Tuesday, June 4, 2013

Quantitative Distressing

Reading news about the recent QE 3, I never encountered even one writer giving a positive assessment of the FED’s action. This includes both professional journalists and bloggers. I think I read more or less 20 articles on this topic and I was surprised hearing a unanimous voice about the destructive effect of quantitative easing. In this post, I just want to collate relevant ideas I encountered from few of those articles. And allow me to start with a definition of quantitative easing.
Quantitative easing as defined by Investopedia is “a government monetary policy occasionally used to increase the money supply by buying government securities or other securities from the market.” The goal in quantitative easing is to increase “the money supply by flooding financial institutions with capital, in an effort to promote increased lending and liquidity.”
Quantitative Easing
With the above definition, we understand that the overall goal in QE is to stimulate the economy by increasing the money supply. QE 3 shows that the previous QEs have not reached the intended goals despite the fact that in QE 1, a total of $1.7 trillion had already been pumped into the economy and in QE 2, $600 billion more had been added. And now in QE 3, the official announcement of the FED is to purchase $40 billion worth of mortgage securities a month until it reaches its goal of creating jobs for unemployed Americans. Actually, all the combined efforts of the FED to stimulate the economy will amount to $85 billion a month. This shows that the FED will not stop its “economic solution” not until it achieves its goal.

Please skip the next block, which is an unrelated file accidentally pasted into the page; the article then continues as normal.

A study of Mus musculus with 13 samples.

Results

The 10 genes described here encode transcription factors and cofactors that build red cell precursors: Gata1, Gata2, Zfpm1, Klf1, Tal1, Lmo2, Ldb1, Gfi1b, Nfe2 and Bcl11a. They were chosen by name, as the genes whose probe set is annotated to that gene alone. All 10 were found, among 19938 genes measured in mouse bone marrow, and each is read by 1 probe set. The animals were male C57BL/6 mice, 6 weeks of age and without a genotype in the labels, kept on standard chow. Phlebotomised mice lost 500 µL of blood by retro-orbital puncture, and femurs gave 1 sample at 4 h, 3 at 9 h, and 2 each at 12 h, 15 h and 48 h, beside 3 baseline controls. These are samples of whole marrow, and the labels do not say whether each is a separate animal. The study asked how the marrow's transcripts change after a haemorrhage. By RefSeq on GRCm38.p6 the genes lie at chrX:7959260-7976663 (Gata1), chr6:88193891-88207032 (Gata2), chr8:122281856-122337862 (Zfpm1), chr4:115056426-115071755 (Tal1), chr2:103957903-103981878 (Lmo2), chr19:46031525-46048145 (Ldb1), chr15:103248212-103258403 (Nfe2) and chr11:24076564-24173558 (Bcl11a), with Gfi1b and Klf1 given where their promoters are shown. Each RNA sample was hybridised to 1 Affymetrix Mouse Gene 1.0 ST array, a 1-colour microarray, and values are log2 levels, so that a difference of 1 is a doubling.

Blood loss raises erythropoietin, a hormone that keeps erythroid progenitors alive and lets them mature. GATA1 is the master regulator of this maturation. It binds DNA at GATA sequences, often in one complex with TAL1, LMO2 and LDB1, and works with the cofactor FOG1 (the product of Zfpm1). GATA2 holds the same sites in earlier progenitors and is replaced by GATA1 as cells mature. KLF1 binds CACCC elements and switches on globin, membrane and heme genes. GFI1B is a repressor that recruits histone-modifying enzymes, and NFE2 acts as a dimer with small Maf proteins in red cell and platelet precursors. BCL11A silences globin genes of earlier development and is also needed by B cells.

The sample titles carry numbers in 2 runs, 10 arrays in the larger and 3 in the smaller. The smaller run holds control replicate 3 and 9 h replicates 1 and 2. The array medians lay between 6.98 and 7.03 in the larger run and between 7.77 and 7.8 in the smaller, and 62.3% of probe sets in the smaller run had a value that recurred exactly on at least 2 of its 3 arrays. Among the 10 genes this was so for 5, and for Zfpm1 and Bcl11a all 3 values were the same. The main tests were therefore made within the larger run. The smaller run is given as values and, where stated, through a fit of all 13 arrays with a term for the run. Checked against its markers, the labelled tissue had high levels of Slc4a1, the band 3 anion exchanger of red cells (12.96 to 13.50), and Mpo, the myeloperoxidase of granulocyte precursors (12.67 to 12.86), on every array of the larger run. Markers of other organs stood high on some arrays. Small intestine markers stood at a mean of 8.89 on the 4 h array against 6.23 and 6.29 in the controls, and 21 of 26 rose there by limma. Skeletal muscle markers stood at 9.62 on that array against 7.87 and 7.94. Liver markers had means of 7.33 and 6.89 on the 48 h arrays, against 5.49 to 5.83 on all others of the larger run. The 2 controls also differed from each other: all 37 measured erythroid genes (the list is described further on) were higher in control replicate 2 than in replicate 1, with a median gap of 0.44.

I think there is no question about the sincerity of Bernanke to aid the economy. The real problem lies in his basic misunderstanding of the economy due to his Keynesian-monetarist perspective. Compared to the solution offered during the 1930s Great Depression, the present strategy of the FED is in between the Keynesian and monetarist approach. As a Keynesian, Bernanke is incapable to see the FED as the source of the crisis. On the other hand, as a typical monetarist solution, the FED now is avoiding the mistake in the 1930s and increasing the money supply to provide liquidity.
The first article I read about QE is the one written by Dr. Ron Paul yesterday. He said, “Any further quantitative easing from the Fed, in whatever form, will only make our next economic crash that much more serious.” In Rilaly’s blog, the writer simply defines QE as basically printing more money and the blogger in Evil of Indifferencedescribes it as debasing the purchasing power of the dollar. I made a comment that this Keynesian-monetarist scheme of hiding inflation behind acceptable term actually misleads both the public and most professional economists. For me, it is better to replace “easing” with any word opposite to it for that is more accurate and honest. Checking the Thesaurus, you will come up with antonyms like distress, worsen, aggravate, and upset. So I think it is more appropriate to call the recent Fed action as “quantitative aggravating” or “quantitative distressing” for that’s what QE actually does. In the short-term, its detrimental effect on the economy is difficult to see, but if all the critics of QE are right (which I think they are), better prepare for a long rough ride ending to an economic crash.
Related Articles:
Description: For me, I consider it new to hear the voice of Donald Trump criticizing the Fed for its action. For Trump, though the recent QE would certainly benefit billionaires like him, the artificial boosting of the stock market by weakening the dollar through QE will not do long-term good not only for the US, but also for global economy.
Description: What calls my attention to this article is the picture of a little girl throwing lot of dollars out of the window. I think that is the appropriate picture describing the recent action of the FED.